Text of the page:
In the heat of the moment and in response to Gov. Mitt Romney’s criticism of his handling of Iran’s nuclear program, the president said, “I’m pleased that you now are endorsing our policy of applying diplomatic pressure and potentially having bilateral discussions with the Iranians to end their nuclear program.”
Mark Fitzpatrick, a former State Department expert on proliferation and now at the International Institute for Strategic Studies, stated that, “I have been hearing for some time that they had been having private discussions, and now it is starting to become public.”
As reported on Oct. 4 and again on Oct. 18, a three-person delegation representing the Obama administration secretly met with their Iranian counterparts about Oct. 1 in Doha, Qatar.
The source who provided details of that meeting and who remains anonymous for security reasons because he is highly placed in Iran’s regime, added that after the WND revelation of the secret meeting, Ayatollah Ali Khamenei was incensed.
The Iranian supreme leader demanded the Americans explain about the leak, which prompted the White House to leak a soft version of the story to the New York Times and deny the facts.
With that, the source said, the Obama administration tried damage control, first by indicating that the story revolved around an agreement for after the elections so no pre-election political motive could be ascribed, and second to ease the mind of the Islamic regime’s leaders about any leaks on the actual event.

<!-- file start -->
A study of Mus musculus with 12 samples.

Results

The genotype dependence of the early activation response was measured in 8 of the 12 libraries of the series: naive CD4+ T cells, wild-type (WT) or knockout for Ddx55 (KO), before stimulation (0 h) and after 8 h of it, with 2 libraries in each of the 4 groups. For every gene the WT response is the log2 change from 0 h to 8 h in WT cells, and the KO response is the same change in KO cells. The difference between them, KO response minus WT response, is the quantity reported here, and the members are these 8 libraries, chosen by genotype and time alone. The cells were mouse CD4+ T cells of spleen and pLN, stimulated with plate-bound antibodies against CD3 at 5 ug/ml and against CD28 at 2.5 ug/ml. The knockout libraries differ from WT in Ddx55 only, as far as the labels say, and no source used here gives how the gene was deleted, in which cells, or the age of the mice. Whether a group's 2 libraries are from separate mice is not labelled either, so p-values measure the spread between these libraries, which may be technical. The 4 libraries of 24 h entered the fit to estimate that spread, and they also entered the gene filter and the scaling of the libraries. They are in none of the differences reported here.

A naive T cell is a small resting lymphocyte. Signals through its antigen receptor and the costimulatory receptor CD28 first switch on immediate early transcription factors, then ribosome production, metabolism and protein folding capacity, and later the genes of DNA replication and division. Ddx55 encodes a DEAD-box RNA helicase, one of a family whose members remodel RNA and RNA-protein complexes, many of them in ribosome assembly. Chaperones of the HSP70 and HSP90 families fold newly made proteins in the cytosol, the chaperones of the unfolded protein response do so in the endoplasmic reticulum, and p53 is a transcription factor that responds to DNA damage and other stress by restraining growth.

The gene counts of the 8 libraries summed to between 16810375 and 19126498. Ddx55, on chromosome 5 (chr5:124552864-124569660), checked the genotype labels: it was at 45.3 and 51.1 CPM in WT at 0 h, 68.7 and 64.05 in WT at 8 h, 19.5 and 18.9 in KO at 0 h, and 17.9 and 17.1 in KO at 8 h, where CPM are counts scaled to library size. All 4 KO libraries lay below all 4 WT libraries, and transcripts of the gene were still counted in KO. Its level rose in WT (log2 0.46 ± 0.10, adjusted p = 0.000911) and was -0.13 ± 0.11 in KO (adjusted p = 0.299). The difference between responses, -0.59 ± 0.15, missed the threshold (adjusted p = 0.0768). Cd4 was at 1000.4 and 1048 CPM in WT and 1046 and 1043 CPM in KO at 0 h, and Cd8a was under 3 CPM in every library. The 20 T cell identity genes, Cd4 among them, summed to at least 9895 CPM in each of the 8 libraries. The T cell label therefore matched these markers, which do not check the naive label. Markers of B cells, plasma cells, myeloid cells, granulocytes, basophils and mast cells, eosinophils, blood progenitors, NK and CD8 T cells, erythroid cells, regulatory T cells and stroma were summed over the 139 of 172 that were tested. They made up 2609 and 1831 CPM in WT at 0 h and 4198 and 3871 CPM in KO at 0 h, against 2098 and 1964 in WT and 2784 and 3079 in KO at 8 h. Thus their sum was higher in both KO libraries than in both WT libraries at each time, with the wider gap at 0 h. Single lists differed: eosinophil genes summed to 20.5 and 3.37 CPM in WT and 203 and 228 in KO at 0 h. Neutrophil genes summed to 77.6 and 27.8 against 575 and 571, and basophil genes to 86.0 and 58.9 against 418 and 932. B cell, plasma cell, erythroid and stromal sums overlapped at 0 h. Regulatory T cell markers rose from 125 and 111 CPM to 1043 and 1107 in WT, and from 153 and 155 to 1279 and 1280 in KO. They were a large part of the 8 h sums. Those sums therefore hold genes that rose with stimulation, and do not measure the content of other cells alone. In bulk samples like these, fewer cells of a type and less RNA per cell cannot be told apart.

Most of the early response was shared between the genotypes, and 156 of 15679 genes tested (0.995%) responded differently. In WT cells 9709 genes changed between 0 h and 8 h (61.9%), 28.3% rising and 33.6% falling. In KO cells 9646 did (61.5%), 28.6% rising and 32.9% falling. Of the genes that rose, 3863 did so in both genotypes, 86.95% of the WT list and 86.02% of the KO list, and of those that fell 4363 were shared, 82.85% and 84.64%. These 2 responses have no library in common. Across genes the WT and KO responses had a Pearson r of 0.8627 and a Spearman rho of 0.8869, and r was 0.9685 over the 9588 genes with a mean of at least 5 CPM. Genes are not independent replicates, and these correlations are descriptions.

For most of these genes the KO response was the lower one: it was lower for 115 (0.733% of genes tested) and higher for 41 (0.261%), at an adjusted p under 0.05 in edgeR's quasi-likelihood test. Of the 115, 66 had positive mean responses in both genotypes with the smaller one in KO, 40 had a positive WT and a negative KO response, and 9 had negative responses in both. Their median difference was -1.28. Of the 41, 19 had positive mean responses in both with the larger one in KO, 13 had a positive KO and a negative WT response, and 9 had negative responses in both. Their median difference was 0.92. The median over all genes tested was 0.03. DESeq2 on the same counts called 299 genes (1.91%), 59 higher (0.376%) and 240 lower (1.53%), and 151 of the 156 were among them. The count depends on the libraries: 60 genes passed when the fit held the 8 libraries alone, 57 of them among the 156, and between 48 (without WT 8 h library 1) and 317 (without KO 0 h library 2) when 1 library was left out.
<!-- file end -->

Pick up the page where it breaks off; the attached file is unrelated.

According to the source, in the past five months, four meetings were held in the U.S. with the Islamic regime’s surrogates (two of whom have green cards and travel to America routinely) to hash out what was to be discussed at the Qatar meeting. The source identified Valerie Jarrett, a senior Obama adviser, as the head of the U.S. effort to engage Iran.
The Qatar agreement would have Iran announce a partial halt to enrichment, ensure the regime’s right to peaceful enrichment, quickly remove much of the sanctions, accept that Iran’s nuclear program does not have a military dimension, and relieve international pressure on the regime while it continues its nuclear program.
During Monday night's debate in Florida, two weeks before what is expected to be a close election, Obama dismissed a New York Times report over the weekend that the US and Iran were exploring the possibility of holding direct bilateral nuclear negotiations after the election. But a few minutes later, he appeared to contradict himself, in what was possibly an unguarded remark made out of irritation that Romney had taken to echoing many of his administration's policies and presenting them as his own.
"I'm pleased that you now are endorsing our policy of applying diplomatic pressure and potentially having bilateral discussions with the Iranians to end their nuclear programme," he said, although Romney had made no mention of such discussions.
While the White House has rejected the New York Times report, it has not specifically denied that American and Iranian officials have been holding secret meetings in parallel to the public multilateral negotiations, since soon after Obama came to office in 2009.
It is not at all clear whether Romney would enter such talks without a full policy review, and his close relationship with the Israeli prime minister, Binyamin Netanyahu, suggests he would pay more heed to Israeli reservations about such negotiations, which are likely, if successful, to leave Iran with a limited right to uranium enrichment. It is also far from assured that, if presented with such an opportunity, Iran's elderly and infirm supreme leader, Ali Khamenei, would have the confidence to embrace it
According to the source, who provided new information, the Qatar meeting lasted for about 11 hours, requiring two breaks so the Iranian delegate could do daily prayers.